Thursday, October 13, 2011

Frame-Shift Mutation Linked to Sympatric Speciation in Early Homo?

According to (new?) research from the University of California, San Diego School of Medicine, a mutation creating a slightly different sugar molecule may have caused a reproductive barrier between those that had it and those that didn't in our human ancestors, possibly influencing the split between early Homo and australopithecines. Stephanie Pappas of Live Science writes:
The mutation tweaked one type of sugar molecule, Neu5Gc, produced by early hominids, the first great apes. About 2 million or 3 million years ago, just as human ancestors Homo ergaster and Homo erectus emerged in Africa, a genetic mutation halted the production of this molecule, and the prehuman immune system began to recognize it as a threat. As a result, researchers find, some hominids would no longer have been able to mate and produce offspring with other populations, potentially driving early humans apart from other apes."Over time, this incompatibility would reduce and the eliminate individuals with Neu5Gc," study researcher Pascal Gagneux of the University of California, San Diego, said in a statement.
If the date is closer to three million years, it would have considerable implications for the emergence of Homo. There are many theories about where early Homo came from and what led to the transition from Australopithecus to what became the earliest members of our line. This will shed some light on these ideas and, hopefully, spur more research in this area.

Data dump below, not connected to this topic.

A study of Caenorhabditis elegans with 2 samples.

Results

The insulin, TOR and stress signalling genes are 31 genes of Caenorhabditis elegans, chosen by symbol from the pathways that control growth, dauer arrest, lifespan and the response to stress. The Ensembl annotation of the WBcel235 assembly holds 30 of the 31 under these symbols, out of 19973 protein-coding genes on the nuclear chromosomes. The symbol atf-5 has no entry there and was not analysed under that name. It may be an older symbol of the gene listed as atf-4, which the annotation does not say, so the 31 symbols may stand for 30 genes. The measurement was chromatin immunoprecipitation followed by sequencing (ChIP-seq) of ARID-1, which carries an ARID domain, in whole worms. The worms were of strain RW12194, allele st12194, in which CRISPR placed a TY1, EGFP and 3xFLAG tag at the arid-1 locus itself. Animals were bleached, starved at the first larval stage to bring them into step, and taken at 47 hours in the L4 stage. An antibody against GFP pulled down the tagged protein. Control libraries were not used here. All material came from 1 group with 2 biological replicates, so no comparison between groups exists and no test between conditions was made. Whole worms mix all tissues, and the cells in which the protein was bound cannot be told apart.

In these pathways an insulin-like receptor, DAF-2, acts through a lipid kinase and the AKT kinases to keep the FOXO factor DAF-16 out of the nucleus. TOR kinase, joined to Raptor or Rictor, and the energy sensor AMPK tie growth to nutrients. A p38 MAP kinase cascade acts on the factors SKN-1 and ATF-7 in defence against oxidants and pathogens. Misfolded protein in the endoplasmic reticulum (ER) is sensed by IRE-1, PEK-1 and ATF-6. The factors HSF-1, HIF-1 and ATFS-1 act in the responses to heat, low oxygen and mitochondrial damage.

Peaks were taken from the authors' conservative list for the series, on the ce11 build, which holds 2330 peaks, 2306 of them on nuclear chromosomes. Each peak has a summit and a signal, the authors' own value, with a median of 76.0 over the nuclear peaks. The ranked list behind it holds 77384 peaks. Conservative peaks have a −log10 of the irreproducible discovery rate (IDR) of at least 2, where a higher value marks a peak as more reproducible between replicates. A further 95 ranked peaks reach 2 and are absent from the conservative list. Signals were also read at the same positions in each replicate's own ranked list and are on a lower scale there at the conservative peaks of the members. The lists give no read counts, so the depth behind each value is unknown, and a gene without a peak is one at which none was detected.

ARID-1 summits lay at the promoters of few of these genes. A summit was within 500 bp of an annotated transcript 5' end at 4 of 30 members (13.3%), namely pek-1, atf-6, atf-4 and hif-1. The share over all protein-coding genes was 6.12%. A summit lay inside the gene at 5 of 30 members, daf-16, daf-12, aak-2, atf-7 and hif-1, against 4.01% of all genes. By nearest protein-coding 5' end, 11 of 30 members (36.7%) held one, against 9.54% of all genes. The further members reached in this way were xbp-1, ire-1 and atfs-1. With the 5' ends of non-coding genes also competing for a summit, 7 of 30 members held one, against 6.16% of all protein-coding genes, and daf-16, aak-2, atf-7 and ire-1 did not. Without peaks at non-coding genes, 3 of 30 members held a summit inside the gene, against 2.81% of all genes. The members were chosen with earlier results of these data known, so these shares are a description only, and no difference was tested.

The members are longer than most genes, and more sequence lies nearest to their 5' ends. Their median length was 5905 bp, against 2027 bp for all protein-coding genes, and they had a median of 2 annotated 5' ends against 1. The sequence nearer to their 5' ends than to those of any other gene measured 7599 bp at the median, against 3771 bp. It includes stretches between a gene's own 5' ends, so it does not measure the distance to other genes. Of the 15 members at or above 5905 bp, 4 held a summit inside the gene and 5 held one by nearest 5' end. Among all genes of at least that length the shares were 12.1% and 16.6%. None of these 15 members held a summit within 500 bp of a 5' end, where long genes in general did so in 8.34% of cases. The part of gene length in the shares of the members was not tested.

Interestingly, this research is not as new as the story makes it out to be. There was a paper written by A. Varki in 2001 that dealt directly with this data. It can be found here. Varki, however, did not make the connexion with immune suppression response but focused, rather, on how the mutation affected brain evolution.


  2. Hi,
    I think this is a better link directly to the paper at PNAS.

    I was interested in the news blurb because I wondered how they came up with the time of origin for the gene loss. As I suspected this was accomplished through means of the molecular clock analysis. I'm fine with molecular clock in general but the article provides no error bars and just takes the 3.2 and 2.9 million dates and states that there were only 0.3 million years for this fixation to occur. Again, sounds reasonable given their simulations but I'm not convinced the molecular clock is strong enough evidence of point of origin for these genes to warrant the confidence in the conclusions that is exhibited in these science-daily type blurbs. I looked up the 2006 paper that details the estimation of divergence times and it more thorough that I had expected but the total haplotype diversity was very low in their region and a finding another person with another unique mutation could have significantly impacted their results. You may or may not be able to access the article here:

    In 2006 the authors would not have had access to the Neanderthal genome but I suspect this portion of the genome is now available and a reassessment of the dating incorporating that sequence could be very interesting.

  3. Joel, thanks for the link to the 2006 paper. I do have access to it and will look it up. I like the idea that the divergence tracks to between 2 to 3 million years because it answers a bunch of questions but obviously more needs to be done. Using the molecular clock analysis is good but lends a slight air of circularity to the reasoning process.